I think I’ve mentioned here before that I used to re-read all the time. It seems that in my youth and adolescence, I scarcely did anything but re-read, and had to be prodded into reading anything new. These days, however, I have the strong sense of the sea of books-I-have-yet-to-read, and I almost never find time to re-read, except when I’m sick. Well, a bout of pneumonia has laid me low, and in the past few days I’ve found time to read a couple of my favorites. What follows is really more rhapsody than review; please feel free to skip it.
For a long, long time Gaudy Night was my favorite book. It’s the apotheosis of Dorothy Sayers’s Wimsey-Vane mysteries, which are the best of hers (though I love others of hers, as well; Murder Must Advertise is terrific, for instance.) This time through, which may easily have been my fortieth, I took my time and savored it: Harriet’s uncertainty; her feelings of unworthiness; her slow understanding that she can really contribute to her college, as a detective and a scholar; her gradual working-out that this contribution means that she has something to contribute to another partnership, as well. And Peter Wimsey! The scene in the punt! I wanted a ruby engagement ring like Harriet’s. (I got a very lovely sapphire.) Reading this was just pure pleasure. Once, I loaned this book to someone — my reading copy — and she dropped it in her bath. I have always assumed that Trollope’s Can You Forgive Her? was written about just such a scenario.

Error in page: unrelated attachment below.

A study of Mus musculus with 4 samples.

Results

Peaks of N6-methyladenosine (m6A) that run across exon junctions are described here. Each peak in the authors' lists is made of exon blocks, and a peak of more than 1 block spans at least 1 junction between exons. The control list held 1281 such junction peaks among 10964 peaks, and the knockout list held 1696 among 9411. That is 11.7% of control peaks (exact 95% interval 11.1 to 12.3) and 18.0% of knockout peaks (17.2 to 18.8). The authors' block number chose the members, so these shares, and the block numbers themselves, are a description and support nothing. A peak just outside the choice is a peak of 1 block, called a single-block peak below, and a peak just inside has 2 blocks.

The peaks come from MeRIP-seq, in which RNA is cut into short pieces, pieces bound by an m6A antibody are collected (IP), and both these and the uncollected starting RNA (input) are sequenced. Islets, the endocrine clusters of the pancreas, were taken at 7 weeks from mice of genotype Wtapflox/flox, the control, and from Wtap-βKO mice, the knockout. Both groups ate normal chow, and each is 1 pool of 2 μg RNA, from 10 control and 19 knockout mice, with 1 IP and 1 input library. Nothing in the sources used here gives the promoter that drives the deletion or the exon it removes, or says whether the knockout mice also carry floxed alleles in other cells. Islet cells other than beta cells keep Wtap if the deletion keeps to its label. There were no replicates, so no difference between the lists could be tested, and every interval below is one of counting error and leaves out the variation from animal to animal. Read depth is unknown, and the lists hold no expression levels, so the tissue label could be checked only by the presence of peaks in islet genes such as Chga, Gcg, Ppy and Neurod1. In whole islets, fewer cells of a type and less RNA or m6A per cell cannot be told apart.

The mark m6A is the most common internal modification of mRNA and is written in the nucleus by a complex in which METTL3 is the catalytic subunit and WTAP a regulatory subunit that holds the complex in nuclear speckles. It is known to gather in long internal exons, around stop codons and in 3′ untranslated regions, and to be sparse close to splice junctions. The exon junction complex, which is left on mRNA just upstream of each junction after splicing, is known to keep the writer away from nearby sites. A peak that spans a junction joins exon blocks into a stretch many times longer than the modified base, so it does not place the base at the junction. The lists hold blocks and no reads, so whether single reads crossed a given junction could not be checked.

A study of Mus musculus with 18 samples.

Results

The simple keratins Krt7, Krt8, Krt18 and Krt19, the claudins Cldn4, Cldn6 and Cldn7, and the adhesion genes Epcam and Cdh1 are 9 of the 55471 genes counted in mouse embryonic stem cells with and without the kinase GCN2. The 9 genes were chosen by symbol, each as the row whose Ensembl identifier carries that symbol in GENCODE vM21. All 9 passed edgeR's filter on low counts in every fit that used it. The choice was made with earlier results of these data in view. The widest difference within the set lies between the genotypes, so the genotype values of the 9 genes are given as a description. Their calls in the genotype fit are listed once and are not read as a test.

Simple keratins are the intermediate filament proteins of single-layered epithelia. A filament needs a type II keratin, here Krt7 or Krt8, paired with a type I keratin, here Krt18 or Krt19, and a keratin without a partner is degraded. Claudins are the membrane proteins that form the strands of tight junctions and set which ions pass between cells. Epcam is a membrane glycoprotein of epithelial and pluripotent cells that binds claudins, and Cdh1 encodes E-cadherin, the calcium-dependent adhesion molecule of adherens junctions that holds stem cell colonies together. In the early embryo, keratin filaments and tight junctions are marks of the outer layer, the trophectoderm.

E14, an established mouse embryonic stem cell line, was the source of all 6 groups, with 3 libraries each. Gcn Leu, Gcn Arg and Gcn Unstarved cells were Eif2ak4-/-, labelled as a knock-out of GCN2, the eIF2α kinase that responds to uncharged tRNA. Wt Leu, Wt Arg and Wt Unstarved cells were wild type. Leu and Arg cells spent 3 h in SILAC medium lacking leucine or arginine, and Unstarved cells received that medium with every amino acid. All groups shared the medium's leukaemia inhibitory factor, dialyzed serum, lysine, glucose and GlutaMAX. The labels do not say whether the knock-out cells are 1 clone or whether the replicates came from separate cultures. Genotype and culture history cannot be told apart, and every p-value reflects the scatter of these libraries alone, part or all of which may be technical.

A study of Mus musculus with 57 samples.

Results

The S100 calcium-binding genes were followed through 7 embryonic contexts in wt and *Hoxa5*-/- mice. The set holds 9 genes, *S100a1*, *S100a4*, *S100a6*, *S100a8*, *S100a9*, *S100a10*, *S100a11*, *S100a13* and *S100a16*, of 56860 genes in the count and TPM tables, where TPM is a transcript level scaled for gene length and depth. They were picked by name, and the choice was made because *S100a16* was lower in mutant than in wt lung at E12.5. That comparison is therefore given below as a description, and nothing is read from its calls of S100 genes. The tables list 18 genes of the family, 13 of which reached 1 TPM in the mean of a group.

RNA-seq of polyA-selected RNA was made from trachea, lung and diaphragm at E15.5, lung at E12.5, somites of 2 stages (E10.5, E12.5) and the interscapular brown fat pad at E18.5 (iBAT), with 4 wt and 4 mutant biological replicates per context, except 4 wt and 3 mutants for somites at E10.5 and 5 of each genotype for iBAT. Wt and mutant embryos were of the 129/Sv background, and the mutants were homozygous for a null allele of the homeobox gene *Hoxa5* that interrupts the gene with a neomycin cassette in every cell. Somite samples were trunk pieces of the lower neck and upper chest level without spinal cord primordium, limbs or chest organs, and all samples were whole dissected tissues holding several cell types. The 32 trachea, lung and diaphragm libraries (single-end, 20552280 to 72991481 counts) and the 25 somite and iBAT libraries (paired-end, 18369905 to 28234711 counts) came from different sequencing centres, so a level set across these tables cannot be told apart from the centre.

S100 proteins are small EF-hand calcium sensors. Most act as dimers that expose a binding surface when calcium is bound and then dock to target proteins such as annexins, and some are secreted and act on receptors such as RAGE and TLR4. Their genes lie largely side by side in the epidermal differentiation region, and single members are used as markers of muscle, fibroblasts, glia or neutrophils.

Then I read The Beekeeper’s Apprentice, which isn’t at all unrelated to reading Gaudy Night. (There’s a Dorothy in Mary Russell’s college, who says cheerfully that she’s “going to hell with Dante.” Coincidence? I think not.) I am — just — able to admit that some of the later books in this series are better than this one, because I like to say that Russell and her partner keep getting better and better, but oh, how I do love this book. I love a smart, flawed, unexpected girl learning how to be a smart, flawed, eccentric woman (and going through some of what Harriet Vane went through, learning to contribute to a partnership.) I love a growing relationship and a wry sense of humor. I love odd skills I’ll never have, and emotional resonance. What a lovely book! What a stage-setter for a lovely series! Laurie King, may your shadow never grow bulkier.
Alas, I turned from these to Ghost Orchid, by Carol Goodman. I won’t go into detail about why I abandoned this one after forty pages. Let us just say that it was no Gaudy Night, and the writing was crummy enough that it couldn’t even distract me from my coughing. Oh well. We can’t all knock them out of the park. Onward and upward: I am just finishing my contender for Tom (Amateur Reader)’s Portuguese Literature Challenge. Hold your breath, ladies and gentlemen. This one’s going to be a doozy. Are any of you joining? What are you reading over Thanksgiving?